The school shooting in Uvalde, Texas, united the world, especially the writing part of it, in a new anti-gun crusade. Statistics, both pro and con gun ownership, are being shuffled and reshuffled with the deftness of a chap playing three-card Monte at a street corner.
People take an obligatory bow towards the US Constitution, specifically its Second Amendment, and then flash the smile of a mature adult talking to a slow child.
Even assuming, they say in the spirit of accommodation, that you may want to have a handgun to protect your family, surely you don’t need a military-grade assault rifle for that purpose? These are only ever used for mass shootings.
Before we get to the crux of the matter, a minor point: rifles available to American civilians, such as the AR-15 used in Uvalde, aren’t military-grade. They have no full-auto capability, meaning the shooter has to pull the trigger each time he fires a round.
Another minor point: rifles are used in an infinitesimal proportion of all American shootings. Even in mass shootings, since 1988, rifles alone have been used only in 14 per cent of such incidents. In 13 per cent, the killers used both a handgun and a rifle – but in 56 per cent they used a handgun only.
Yet another minor point: anti-gun enthusiasts tend to talk about gun deaths in general, lumping together murders and suicide. Using the same trick, I can truthfully claim that this week I’ve had three pounds of chicken and foie gras.
This statistic may give you a distorted view of my wealth unless I specify how much of the whole was chicken and how much was foie gras. The former was nearly all of it; the latter, a small slice, and even that I have only a few times a year.
By the same token, gun suicides in America far outpace gun homicides. For example, in 2019 (the most recent year for which full data are available) there were 14,414 gun homicides, but 23,941 gun suicides. And people who want to kill themselves can easily do so just by jumping off a tall building, saving the cost of a firearm.
As an aside, in the same year of 2019, 36,096 Americans were killed in car accidents. However, few people are demanding that cars be banned – this, though car ownership isn’t protected by the Constitution, and gun ownership is.
This takes us back to the Second Amendment, and all I can suggest is that people should read its text attentively, along with The Federalist Papers, in which the framers of that amendment explained the reasons for it. Even a cursory study will show that the Second Amendment had little to do with keeping burglars at bay.
Here’s its text: “A well regulated Militia, being necessary to the security of a free State, the right of the people to keep and bear Arms, shall not be infringed.”
The key word there is ‘free’. People must be able to form an armed militia whenever their freedom – not their TV sets or home computers – is threatened. Who can pose such a threat?
Certainly not freelance burglars, rapists or muggers. People’s freedom can only be threatened by a state, foreign or especially their own.
James Madison, who was to the Constitution what Thomas Jefferson was to the Declaration of Independence, saw the armed population of individual states as another check on the power of the federal government.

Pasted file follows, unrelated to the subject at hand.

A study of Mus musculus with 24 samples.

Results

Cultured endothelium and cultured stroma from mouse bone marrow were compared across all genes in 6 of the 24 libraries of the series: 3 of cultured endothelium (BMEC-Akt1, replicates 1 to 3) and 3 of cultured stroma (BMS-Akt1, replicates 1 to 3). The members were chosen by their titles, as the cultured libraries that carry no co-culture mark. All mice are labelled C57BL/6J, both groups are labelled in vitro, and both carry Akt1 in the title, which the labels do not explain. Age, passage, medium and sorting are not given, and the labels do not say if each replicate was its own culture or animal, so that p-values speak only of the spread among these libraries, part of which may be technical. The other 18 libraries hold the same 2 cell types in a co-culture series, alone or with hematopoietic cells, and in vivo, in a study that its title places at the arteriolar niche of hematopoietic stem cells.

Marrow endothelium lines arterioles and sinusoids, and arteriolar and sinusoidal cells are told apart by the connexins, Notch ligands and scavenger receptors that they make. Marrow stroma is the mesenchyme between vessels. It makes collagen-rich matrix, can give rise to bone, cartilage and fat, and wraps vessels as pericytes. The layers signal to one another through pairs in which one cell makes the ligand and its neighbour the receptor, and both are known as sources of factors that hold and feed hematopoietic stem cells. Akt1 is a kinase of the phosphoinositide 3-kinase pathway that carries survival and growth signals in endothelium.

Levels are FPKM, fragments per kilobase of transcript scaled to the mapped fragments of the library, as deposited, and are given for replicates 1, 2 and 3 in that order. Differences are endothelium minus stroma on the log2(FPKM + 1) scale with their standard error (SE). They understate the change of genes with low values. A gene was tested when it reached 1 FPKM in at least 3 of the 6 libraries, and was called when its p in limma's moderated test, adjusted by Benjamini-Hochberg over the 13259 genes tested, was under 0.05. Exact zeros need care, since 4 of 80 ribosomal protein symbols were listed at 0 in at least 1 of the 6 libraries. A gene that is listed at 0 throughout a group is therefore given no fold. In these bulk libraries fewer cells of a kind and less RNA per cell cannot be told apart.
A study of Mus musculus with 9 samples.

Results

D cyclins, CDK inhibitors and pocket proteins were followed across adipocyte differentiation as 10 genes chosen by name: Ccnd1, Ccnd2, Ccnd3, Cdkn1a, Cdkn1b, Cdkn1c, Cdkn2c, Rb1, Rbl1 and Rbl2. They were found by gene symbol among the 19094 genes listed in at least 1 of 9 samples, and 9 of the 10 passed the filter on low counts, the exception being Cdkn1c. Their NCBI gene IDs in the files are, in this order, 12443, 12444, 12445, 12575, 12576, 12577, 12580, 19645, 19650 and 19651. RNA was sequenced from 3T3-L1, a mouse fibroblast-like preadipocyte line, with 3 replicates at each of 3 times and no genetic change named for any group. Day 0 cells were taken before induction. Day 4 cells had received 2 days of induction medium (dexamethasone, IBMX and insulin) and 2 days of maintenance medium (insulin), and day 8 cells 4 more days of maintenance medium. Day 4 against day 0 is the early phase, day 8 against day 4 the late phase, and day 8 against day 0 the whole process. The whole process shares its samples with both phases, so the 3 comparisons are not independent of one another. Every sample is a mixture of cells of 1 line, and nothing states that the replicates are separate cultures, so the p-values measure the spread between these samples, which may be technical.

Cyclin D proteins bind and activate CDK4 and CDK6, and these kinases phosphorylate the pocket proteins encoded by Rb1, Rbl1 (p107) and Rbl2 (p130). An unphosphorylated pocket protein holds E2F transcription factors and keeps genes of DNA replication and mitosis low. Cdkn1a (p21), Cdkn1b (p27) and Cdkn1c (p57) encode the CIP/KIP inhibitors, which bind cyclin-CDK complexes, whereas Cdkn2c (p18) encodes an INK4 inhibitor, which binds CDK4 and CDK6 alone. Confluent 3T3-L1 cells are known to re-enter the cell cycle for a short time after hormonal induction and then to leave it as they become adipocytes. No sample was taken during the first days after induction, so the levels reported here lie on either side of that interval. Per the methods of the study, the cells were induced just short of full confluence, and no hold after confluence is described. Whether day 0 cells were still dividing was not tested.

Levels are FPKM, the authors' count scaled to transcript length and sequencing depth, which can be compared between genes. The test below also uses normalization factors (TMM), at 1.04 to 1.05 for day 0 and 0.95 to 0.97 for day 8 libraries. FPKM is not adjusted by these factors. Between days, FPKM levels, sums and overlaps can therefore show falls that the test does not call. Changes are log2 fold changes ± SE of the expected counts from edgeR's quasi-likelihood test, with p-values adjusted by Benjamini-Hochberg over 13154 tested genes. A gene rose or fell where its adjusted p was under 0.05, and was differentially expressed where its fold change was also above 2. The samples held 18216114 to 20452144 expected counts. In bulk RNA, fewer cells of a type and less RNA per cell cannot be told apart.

State militias, he wrote in The Federalist Papers, “would be able to repel the danger” of a federal army gone despotic. “It may be doubted, whether a militia thus circumstanced could ever be conquered by such a proportion of regular troops,” he added.
Since Madison had a first-rate mind, he realised that any central state, be it republican, democratic, monarchic or whatnot, carries seeds of tyranny within its body. A successful, free country is one in which those seeds aren’t allowed to sprout, and an armed population can be an effective herbicide.
Madison and the other framers also knew that guns in private ownership could also be used for criminal purposes.
They realised that gun ownership came at the cost of gun murders. Yet they were convinced this price was worth paying. Freedom, they felt, was worth dying for, and for most of them these weren’t empty words. When they rebelled against George III, they knew their lives were on the line, yet to them the benefits outweighed the costs.
Before and after they declared independence, American settlers had to conquer their continent, expanding westwards from their original colonies. Guns were thus a building block of the US, and this knowledge sits side by side with the Second Amendment in the people’s viscera.
Guns are an essential part not only of the American Constitution, but also of the American’s genetic makeup and historical memory. Whatever we may think of any of those things, blithely advocating a gun ban there betrays a woeful ignorance of the issues involved.
Considering that Piers Morgan lived in the US for a long time, I’m surprised he displays such ignorance. But none so ignorant as those who won’t learn.
Thus Mr Morgan writes: “Thankfully, we don’t have to worry about school shootings in Britain because of the decisive action we took to prevent them by introducing some of the toughest restrictions in the world.”
Britain, Mr Morgan, didn’t start life as a revolutionary republic formed by armed revolt. Even though the roots of the Second Amendment go back to the 1689 English Bill of Rights, the two countries have very different cultures, histories and mentalities.
Banning guns in Britain was a simple matter – it was like pulling a tooth. Doing so in America would be more like drastic brain surgery with an uncertain outcome.
Changing gun laws is easy; changing a country’s deeply ingrained culture isn’t. It’s much harder than changing one’s innermost convictions, which Mr Morgan does regularly, depending on which media outlet is paying his wages.